Cardiac Imaging Insider

Dear Cardiac Imaging Insider,

SPECT has been the traditional modality for assessing coronary artery disease (CAD), with coronary CT angiography (CTA) chomping at the bit for a share of the pie.

Still, the evidence remains quite limited with regard to which modality finds more significant disease, produces better outcomes in which patients, and does so more quickly and cost-effectively. Beyond the coronaries, global cardiac assessment remains a question mark.

Today, a study we're unveiling on takes a big step in the direction of answering those questions, at least regarding near-term follow-up. Researchers from Cornell University Medical Center and New York-Presbyterian Hospital in New York City drilled into databases covering more than six million patients enrolled in different kinds of healthcare plans.

Patients were referred to SPECT myocardial perfusion imaging (MPI) or coronary CTA for the evaluation of CAD. The researchers scrutinized payor data from demographically matched sets for both modalities over a year's time, comparing clinical outcomes, cost outcomes, and test-utilization data.

What did they find? Get the breaking news in this issue's Insider Exclusive story, brought to you before anyone else can access it.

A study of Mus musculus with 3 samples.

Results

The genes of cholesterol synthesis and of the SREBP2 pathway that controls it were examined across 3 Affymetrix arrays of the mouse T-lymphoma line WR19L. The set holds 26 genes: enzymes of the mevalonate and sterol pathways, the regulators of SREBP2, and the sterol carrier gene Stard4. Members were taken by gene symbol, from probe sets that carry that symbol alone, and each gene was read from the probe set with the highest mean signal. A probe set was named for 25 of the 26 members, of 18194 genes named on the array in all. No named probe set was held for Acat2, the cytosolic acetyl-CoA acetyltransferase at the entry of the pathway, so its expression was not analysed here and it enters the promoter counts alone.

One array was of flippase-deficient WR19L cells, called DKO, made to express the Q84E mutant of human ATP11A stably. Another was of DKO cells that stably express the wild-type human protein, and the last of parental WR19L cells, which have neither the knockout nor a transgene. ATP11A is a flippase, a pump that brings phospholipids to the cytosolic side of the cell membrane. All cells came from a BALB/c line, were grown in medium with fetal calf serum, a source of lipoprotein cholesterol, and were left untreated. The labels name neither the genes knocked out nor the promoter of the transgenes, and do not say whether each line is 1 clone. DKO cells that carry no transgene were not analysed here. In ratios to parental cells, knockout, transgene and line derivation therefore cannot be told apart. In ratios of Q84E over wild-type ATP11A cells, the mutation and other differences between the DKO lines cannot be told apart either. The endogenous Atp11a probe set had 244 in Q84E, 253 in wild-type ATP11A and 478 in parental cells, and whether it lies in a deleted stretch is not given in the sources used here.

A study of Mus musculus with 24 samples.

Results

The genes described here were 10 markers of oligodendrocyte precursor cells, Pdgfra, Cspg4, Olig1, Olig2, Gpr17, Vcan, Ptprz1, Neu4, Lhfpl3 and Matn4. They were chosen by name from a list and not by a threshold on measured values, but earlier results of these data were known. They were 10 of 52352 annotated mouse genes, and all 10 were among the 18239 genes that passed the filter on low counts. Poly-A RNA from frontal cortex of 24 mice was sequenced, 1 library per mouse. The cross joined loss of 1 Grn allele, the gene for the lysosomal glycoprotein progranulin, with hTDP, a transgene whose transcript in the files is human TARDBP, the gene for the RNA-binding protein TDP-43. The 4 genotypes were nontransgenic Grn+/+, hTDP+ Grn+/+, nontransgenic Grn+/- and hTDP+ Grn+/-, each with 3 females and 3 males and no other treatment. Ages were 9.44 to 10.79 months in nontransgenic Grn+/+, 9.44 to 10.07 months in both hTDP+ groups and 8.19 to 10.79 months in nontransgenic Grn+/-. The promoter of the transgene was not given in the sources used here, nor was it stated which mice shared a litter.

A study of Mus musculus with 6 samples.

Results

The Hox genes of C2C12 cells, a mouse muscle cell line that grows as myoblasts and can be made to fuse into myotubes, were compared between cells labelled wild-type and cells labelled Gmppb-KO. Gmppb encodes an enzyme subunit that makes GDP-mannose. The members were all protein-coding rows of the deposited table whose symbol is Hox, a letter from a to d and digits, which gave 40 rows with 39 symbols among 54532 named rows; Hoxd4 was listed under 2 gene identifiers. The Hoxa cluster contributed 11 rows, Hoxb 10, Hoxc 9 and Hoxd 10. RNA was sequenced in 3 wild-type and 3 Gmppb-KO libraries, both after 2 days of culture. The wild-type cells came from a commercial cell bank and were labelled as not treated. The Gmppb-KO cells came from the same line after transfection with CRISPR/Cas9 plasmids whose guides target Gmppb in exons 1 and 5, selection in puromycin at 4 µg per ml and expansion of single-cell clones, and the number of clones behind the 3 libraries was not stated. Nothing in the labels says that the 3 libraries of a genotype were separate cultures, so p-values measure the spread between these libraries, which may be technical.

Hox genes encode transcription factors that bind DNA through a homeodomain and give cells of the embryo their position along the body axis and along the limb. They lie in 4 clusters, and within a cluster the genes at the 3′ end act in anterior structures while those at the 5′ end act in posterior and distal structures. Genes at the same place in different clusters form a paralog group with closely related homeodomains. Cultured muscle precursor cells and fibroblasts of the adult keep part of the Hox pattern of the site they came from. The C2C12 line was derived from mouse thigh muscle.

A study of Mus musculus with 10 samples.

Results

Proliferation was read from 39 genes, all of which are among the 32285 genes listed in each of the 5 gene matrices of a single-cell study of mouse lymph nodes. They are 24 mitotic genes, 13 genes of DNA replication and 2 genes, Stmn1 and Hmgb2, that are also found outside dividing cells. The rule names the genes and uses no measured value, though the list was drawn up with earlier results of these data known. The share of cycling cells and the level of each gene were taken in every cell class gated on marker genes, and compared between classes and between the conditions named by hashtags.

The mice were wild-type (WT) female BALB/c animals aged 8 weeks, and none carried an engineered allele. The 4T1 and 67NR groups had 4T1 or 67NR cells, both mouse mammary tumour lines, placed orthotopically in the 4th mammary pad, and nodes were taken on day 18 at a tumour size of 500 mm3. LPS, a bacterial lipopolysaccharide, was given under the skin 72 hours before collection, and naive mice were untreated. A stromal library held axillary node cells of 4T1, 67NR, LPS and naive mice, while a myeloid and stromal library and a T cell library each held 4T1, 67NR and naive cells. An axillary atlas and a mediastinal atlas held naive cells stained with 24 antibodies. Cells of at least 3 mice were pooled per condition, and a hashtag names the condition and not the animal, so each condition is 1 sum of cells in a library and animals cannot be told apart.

In our Cardiac Imaging Digital Community, a second story from the 2008 International Symposium on Multidetector-Row CT covers "urban myths" you're likely to hear when folks talk about coronary artery calcium. But isn't calcium scoring rather old-fashioned in today's jillion-detector-row CTA-dominated world? Nope, that would be Myth #7. Look for the rest here.

In ultrasound, the American Society of Echocardiography (ASE) welcomes the U.S. Food and Drug Administration's (FDA) position reversal earlier this month, allowing companies with echo contrast agents on the market to sell their products with revised labeling rather than the more restrictive black box warning. Revised labeling for the agents follows an extensive lobbying campaign by echocardiography advocates, who sought to demonstrate that the safety profile of echo contrast agents didn't warrant a black box warning.

Be sure to scroll down for more from your continuous cardiac imaging news source.